Germany ready to re-start EU-Turkey talks
German Chancellor Angela Merkel has backed France on re-starting EU accession talks with Turkey.
Speaking in a regular, weekly podcast on Saturday (23 February), before going on a two-day visit to Turkey on Sunday, she said: "I think a long negotiating path lies ahead of us. Although I am sceptical, I agreed with the continuation of membership discussions. We are engaging in these in an open-ended manner … In recent times, negotiations stalled somewhat and I am in favour of opening a new chapter in order to move forward."
But the process stopped in 2010, after France and Cyprus - which is locked in a 40-year-old frozen conflict over the Turkish-occupied northern part of the island - vetoed 11 out of the 35 so-called negotiating chapters.
The past few years have seen the European Commission accuse Turkey of trampling on human rights and Germany speak of a "privileged partnership" instead of EU accession.
They have also seen Turkish politicians accuse the EU of Islamophobia and threaten to join Asian clubs, such as the Shanghai Co-operation Organisation, instead.
The debate has seen Turkish support for EU entry fall from over 70 percent to around 30 percent.
But Merkel's remarks come in an improving climate in relations.
French foreign minister Laurent Fabius earlier this month said he is ready to unblock talks on the regional aid chapter.
Cyprus on Sunday also elected a new President, Nicos Anastasiades, who, back in 2004, showed willingness to come to terms with Turkey by backing a UN peace plan.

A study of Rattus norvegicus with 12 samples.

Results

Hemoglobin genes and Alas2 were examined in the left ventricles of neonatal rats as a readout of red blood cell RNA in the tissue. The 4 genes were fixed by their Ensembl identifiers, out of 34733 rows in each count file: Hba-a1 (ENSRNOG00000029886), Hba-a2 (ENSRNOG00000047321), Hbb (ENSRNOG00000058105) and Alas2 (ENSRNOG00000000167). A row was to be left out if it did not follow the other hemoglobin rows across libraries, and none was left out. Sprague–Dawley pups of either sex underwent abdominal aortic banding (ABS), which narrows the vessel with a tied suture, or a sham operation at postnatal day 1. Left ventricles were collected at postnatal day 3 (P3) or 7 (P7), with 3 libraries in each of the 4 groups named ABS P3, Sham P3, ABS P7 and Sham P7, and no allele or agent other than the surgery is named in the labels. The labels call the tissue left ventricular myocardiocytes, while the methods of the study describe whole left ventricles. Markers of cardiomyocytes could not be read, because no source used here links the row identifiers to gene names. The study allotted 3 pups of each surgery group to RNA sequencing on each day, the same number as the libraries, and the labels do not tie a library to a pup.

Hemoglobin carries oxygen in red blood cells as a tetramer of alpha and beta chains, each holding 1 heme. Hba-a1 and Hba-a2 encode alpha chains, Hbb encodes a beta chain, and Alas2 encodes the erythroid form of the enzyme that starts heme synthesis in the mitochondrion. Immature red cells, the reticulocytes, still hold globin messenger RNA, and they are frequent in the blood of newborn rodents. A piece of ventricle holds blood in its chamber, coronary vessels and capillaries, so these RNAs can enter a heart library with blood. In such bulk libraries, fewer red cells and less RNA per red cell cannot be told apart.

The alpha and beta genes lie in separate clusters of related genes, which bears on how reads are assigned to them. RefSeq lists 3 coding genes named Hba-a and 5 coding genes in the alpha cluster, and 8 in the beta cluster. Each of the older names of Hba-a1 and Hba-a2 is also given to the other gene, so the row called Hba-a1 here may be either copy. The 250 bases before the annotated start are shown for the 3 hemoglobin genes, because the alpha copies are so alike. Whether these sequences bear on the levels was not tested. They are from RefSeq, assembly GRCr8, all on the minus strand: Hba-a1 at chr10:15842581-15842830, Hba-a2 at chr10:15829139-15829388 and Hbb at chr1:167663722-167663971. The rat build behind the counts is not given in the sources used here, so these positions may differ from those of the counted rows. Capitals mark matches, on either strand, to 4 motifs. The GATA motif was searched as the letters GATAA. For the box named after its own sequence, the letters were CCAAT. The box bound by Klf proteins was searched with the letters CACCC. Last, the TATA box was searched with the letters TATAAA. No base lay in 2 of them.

Meanwhile, Germany's EU commissioner, Gunther Oettinger, caused a stir last week by telling a think-tank in Berlin the EU will one day "crawl to Ankara on its knees to beg the Turks" to join.
His sentiment was shared by German foreign minister Guido Westerwelle, using more diplomatic words.
"If we aren't careful, the day will come when Europe's interest in Turkey is greater than Turkey's interest in Europe," he said in Germany's Passauer Neue Nachrichten newspaper on Saturday.
Merkel began her trip on Sunday by visiting German soldiers at a Nato anti-missile defence base in Kahramanmaras, 100km from the Turkish-Syrian border.
She is due to meet Turkish Prime Minister Recep Tayyip Erdogan on Monday.
The Nato unit went to Turkey after Syrian shells hit Turkish villages in a region which has become a de facto base for the rebel Free Syrian Army (FSA).
EU relations aside, Merkel on Sunday told Turkey that, as a Nato ally, "it is important to show people living on the Turkish side that we are ready to protect them and to give a clear signal to those who try to export the Syrian conflict to Nato territory that we won't let that happen."
She noted some people feel "bewildered" that Nato has not intervened inside Syria.
But she said that even small-scale intervention, such as giving weapons to the FSA, could "intensify ... bloodshed."